Maybe you love the notion of an internet-of-everything based hub where the entire infrastructure is designed to benefit the environment and the people within it. Or perhaps you loathe the thought of living in a Big Brother society where everything you do is fed into a mass pool of data for analysis. Either way, we’re told that smart cities will enhance the lives of workers, residents and travelers in years to come – and it’s a buzzword that’s here to stay.
What’s happened to smart cities in 2015, and what we can expect in the year ahead?
Cities tapped into the hidden infrastructure of the sharing economy
The influx of foreign visitors for the 2015 Brazil World Cup was so high, it’s reported that accommodation-sharing sites became a vital crutch for the city of Rio. In fact, by getting ‘savvy’ to the sharing economy, one in five visitors were able to stay in Airbnb accommodation during the event. In New York, the peer-to-peer travel site has worked with residents in Brooklyn to produce insider’s guides to the city. While some countries are still sceptical about peer-to-peer travel, in 2015, the smartest cities used it to their advantage.
The number of 'smart hotels' grew
Four years ago, Hong Kong pioneered Hotel Icon - one of the first 'hotels with a purpose'. Driven by education rather than profit, this innovative business model linked to HK’s School of Hotel and Tourism Management (SHTM) sends a percentage of its revenue back into education and draws on technology (including free guest mobile phones) to enhance their visitors’ stay and inform how they run their hotel in the future.
With a booming start-up economy, Hong Kong has been dubbed the 'Silicon Valley of Asia' and now receives 15,000 applications to the undergraduate SHTM course each year.
City regulations got smarter and caught up
Smart phone apps that embrace the sharing economy were bigger than ever in 2015. This summer alone saw 17 million guests stay in Airbnb accommodation and in the past year, 2.2m have used the site to visit the UK. With everything from Couchsurfing and BlaBlaCar to trip4real and DogVacay, the global sharing economy is said to be worth a whopping $15 billion per year. So it only makes sense that after Amsterdam’s bold move to pass the first Airbnb-friendly tourist tax law, Paris, Hamburg and London quickly followed suit. The tax-free income for Airbnb hosts in London has now risen to £7,500 each year.
Smart cities will become cloud cities
Palma, Mallorca, Helsinki and Barcelona [right] are just some of the places to have launched free citywide wifi. And not only does this make a city more appealing to its residents, it also boosts its pulling power for overseas travelers via city guide and destination apps. In 2016, more cities are likely to realise the attraction of being a ‘cloud city’ with, talks of Google’s Sidewalk Labs in New York, Facebook ‘drones’ and weather balloons, all being potential ways to becoming a hyper-connected city.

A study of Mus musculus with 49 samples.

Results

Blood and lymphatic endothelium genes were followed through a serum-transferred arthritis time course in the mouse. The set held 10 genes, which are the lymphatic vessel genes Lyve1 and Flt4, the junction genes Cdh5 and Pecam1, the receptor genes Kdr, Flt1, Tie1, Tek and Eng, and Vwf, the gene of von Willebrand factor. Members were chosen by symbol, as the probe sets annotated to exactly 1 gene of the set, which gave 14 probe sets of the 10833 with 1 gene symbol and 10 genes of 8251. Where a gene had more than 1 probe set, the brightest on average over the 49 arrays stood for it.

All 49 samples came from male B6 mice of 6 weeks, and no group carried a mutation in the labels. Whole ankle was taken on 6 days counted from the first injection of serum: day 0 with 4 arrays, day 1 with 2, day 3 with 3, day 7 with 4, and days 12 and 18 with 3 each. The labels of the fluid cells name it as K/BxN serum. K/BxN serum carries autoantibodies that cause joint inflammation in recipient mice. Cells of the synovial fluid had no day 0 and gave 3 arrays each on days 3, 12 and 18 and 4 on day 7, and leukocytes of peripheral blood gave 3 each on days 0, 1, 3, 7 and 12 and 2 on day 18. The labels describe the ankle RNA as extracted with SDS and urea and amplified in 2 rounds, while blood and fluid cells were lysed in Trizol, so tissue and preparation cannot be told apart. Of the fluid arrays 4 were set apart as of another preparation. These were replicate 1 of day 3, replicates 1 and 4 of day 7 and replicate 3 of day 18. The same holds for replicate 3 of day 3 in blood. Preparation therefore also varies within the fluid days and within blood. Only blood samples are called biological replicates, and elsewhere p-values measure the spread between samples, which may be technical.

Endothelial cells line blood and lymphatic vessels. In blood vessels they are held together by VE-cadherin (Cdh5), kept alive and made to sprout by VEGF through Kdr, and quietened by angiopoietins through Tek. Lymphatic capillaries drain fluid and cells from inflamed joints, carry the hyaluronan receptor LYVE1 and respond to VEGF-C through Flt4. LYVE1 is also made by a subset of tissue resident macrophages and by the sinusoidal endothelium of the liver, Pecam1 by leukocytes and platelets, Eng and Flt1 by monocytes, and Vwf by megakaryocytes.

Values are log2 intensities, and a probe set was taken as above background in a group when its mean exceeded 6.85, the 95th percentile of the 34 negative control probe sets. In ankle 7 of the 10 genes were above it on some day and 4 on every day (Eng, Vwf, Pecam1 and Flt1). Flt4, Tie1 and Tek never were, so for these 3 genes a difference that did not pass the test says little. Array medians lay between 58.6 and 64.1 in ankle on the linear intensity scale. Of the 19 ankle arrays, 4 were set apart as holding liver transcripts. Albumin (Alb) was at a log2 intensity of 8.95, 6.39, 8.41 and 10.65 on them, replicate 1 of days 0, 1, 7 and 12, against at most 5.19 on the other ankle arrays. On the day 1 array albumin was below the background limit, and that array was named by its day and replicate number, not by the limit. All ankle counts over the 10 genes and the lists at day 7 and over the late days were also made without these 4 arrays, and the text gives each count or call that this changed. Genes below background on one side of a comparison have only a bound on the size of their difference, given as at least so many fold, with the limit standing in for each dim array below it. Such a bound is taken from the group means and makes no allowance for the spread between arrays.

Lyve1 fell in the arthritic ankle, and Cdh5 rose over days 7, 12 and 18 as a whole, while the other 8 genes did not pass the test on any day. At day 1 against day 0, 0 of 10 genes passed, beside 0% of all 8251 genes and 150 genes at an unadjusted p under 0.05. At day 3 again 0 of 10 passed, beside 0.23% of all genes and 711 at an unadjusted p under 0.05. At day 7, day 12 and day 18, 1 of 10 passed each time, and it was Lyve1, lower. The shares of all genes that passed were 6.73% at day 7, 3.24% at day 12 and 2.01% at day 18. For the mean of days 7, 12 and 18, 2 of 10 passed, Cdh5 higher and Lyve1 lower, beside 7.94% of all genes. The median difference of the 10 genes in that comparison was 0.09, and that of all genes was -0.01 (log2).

Smart cities will become sensor cities
There’s already been talk about 'smart-lighting' in LA, sensor-based street surveillance ('Intellistreets') in Vegas and traffic monitoring in Santander. And in 2016, the sensor city will only get bigger. In the lead up to the 2016 Olympics in Brazil, the city of Rio will use a high-tech control room, known as the Centro de Operacoes, to monitor everything from street water levels and traffic jams to real-time emergency information. Expect more cities to join in on this smart trend in 2016.
Cities will become greener
In light of the recent Climate Change Conference, running sustainable and eco-conscious cities is more topical than ever. In 2016, Slovenia’s smart city of Ljubljana will be hailed European Green Capital for 2016 for its green initiative. And we can expect much more focus on using digital technologies to make our urban areas cleaner, greener and more resilient.
In February 2016, Stamford Bridge Stadium will host the Smart Cities UK Conference, which will discuss how we make our future cities environmentally smarter. For some of the green movements about to happen, check out the floating solar farm in Manchester, and the street lights that will reduce the carbon emissions in Copenhagen.
The rise of digital districts
In 2016, more destinations will build experimental 'digital districts'. Take Hudson Yards for example, a commercial and residential space under construction in New York. While the project is not due for completion until 2024, Hudson Yards is paving the way for a new kind of experimental research hub, where workers and visitors can opt-in to use mobile phone apps that gather information on everything from pedestrian flow and food waste to health and air quality. Elsewhere, in Songdo, South Korea, this high tech utopia has been dubbed the first smart city in the world. Everything from its infrastructure and transportation to disaster management and security are being designed to be smart and sustainable. Expect talks for other ambitious digital districts to emerge in the new year.